Jim Leyritz Verdict Expected Today: Top Five Lessons We've Learned From His Defense

The yellow light. That's a main point on which the DUI manslaughter trial of former Yankee, Jim Leyritz, rests today. "The critical decision for jurors is whether or not Letritz ran a red light or had yellow before the crash, meaning [Fredia Ann] Veitch [the victim] would have run the light," according to the AP.

If we want to get really deep about it, this point of contingency could be extended as a metaphor for Leyritz's life since December 28, 2007, when he allegedly plowed through an intersection after a night of drinking, killing a woman driving in the opposite direction. For almost three years, Leyritz has been in legal purgatory, waiting for either a green light so he can move on with life or a red light so he can do his time in the clink. His defense team, not surprisingly, is prolonging the limbo, teaching us all the valuable (invaluable?) lesson, the light is always yellow until proven otherwise. And sometimes, it cannot be proven otherwise. With this, New Times presents the Top 5 Lessons we've learned throughout the Leyritz trial, the recap edition.

5. Hire a kick-ass attorney. In this corner of the world, David Bogenschutz is the man. He's a leading criminal-defense attorney, and covers the asses of a lot of high-powered people like "former Broward Sheriff Ken Jenne; the wife of Fort Lauderdale's police chief...billionaire businessman H. Wayne Huizenga's son Robert Ray Huizenga; and Chicago costume-jewelry heir Ryan LeVin," according to the Sun-Sentinel. If anyone has a shot at landing an unexpectedly lenient sentence, he's the guy.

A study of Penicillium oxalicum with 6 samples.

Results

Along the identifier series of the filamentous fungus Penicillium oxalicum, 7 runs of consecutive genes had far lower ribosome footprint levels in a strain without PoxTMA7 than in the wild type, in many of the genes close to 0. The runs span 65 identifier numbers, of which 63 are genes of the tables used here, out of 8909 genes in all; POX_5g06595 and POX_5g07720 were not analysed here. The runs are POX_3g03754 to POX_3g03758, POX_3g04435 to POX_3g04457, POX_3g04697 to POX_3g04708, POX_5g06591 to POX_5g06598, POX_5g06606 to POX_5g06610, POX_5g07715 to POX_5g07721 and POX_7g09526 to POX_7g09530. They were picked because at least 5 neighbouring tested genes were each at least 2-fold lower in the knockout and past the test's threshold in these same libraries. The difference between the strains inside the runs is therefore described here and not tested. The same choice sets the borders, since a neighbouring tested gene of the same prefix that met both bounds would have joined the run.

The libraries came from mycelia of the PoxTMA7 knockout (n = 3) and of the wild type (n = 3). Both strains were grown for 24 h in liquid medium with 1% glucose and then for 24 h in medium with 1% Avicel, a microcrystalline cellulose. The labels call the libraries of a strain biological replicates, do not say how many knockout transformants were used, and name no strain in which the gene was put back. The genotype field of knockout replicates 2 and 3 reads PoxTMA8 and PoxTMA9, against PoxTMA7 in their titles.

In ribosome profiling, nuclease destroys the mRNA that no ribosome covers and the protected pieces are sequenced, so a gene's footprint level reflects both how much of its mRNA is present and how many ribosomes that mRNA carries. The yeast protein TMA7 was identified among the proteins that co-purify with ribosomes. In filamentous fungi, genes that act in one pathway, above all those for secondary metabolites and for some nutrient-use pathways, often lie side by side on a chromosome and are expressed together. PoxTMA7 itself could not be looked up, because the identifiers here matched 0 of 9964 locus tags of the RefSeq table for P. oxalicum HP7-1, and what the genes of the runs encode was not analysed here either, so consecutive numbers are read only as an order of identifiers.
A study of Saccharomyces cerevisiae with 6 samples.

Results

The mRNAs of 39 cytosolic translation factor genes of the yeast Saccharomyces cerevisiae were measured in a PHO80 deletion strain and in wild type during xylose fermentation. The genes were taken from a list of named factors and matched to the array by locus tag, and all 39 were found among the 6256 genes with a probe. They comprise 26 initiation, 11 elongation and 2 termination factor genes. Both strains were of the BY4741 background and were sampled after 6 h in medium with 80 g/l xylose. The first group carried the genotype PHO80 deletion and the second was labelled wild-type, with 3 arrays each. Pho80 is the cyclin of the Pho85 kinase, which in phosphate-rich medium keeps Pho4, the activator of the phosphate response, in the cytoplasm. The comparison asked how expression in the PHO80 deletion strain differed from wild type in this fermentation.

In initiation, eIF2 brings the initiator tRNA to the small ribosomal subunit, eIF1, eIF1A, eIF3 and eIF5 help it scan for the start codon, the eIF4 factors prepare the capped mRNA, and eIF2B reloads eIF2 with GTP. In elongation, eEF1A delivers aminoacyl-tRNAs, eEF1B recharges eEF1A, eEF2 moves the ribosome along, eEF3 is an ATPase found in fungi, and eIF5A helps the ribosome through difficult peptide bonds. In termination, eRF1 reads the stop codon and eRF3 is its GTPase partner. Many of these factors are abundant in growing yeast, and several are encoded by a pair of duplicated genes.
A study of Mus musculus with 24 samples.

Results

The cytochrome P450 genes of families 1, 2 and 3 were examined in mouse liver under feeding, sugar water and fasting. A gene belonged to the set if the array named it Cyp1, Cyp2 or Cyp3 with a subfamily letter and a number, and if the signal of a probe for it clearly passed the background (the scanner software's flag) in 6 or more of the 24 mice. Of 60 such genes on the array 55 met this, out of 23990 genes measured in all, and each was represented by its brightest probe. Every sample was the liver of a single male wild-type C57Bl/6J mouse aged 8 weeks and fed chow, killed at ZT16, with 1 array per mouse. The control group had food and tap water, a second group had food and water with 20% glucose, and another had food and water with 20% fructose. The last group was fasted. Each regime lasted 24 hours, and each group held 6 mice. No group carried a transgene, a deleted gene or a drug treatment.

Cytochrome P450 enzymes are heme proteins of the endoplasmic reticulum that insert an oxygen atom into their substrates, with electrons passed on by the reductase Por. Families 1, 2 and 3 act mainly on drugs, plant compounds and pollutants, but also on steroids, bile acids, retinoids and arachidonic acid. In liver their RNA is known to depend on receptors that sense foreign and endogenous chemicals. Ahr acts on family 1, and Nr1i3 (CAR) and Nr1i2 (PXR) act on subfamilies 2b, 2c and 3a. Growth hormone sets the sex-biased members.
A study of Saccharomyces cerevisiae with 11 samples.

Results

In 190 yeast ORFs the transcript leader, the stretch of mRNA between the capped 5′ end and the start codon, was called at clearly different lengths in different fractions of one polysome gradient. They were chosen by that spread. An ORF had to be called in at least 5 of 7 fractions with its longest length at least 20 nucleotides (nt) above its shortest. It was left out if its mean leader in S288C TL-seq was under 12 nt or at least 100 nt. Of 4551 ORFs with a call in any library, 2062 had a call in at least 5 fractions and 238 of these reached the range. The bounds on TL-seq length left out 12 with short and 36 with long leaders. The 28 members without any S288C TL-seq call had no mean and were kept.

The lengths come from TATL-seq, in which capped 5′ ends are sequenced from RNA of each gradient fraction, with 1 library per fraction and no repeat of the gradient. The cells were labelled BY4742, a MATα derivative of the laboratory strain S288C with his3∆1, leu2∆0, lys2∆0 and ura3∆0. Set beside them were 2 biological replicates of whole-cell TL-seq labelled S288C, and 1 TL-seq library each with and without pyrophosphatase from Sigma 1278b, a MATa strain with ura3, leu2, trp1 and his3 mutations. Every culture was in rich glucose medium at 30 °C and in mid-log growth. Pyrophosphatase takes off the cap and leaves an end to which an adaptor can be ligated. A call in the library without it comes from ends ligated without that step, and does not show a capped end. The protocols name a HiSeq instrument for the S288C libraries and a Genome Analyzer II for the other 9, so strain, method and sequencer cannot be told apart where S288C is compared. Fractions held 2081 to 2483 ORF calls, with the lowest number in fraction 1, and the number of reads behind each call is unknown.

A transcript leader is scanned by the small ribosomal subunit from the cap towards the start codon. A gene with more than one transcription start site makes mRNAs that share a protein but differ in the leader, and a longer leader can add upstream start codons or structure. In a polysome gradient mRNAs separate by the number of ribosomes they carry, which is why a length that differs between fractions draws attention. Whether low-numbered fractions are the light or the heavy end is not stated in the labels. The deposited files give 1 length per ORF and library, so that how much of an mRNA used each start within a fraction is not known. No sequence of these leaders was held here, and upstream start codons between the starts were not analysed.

4. Know that experts can manipulate anything in your favor. Defense experts testified that it is possible Leyritz was drunker at the time of the breathalyzer than he was when he was driving. A last minute shot or so would allow for that possibility, which brings us to the next lesson...

3. Pace your drinking -- and time your shots...for right before you drive. Depending how close you live to the bar, your buzz could hit you just as you put your car in park in the driveway. Just don't linger after a nightcap. Actually, don't try this at home -- just absorb it for what it is, a courtroom antic that leaves everyone scratching their heads.

2. Be famous. Oh, and a head injury doesn't hurt (well, in these situations). Having a fan-base who remembers what you were like before you majorly screwed up usually helps matters. And an injury that connects to the trial...gold. Leyritz suffered a concussion at the time of the accident, according to his defense, which could have resulted in his body processing the alcohol more slowly -- and making a blood alcohol test unreliable.

1. Don't drink and drive. Above, below, or one shot away from the legal limit, it's a dangerous and majorly stressful line to walk, especially when you can't touch your nose. If you're stupid enough to drive without giving this some thought, killing someone is a tragic and very real possibility. And at its most basic level, this entire case is just that, an an awful tragedy that could have been avoided. This might sound like you're mother's advice, but it's worth repeating. So, Call.A.Taxi -- or a limo if you're rich and famous.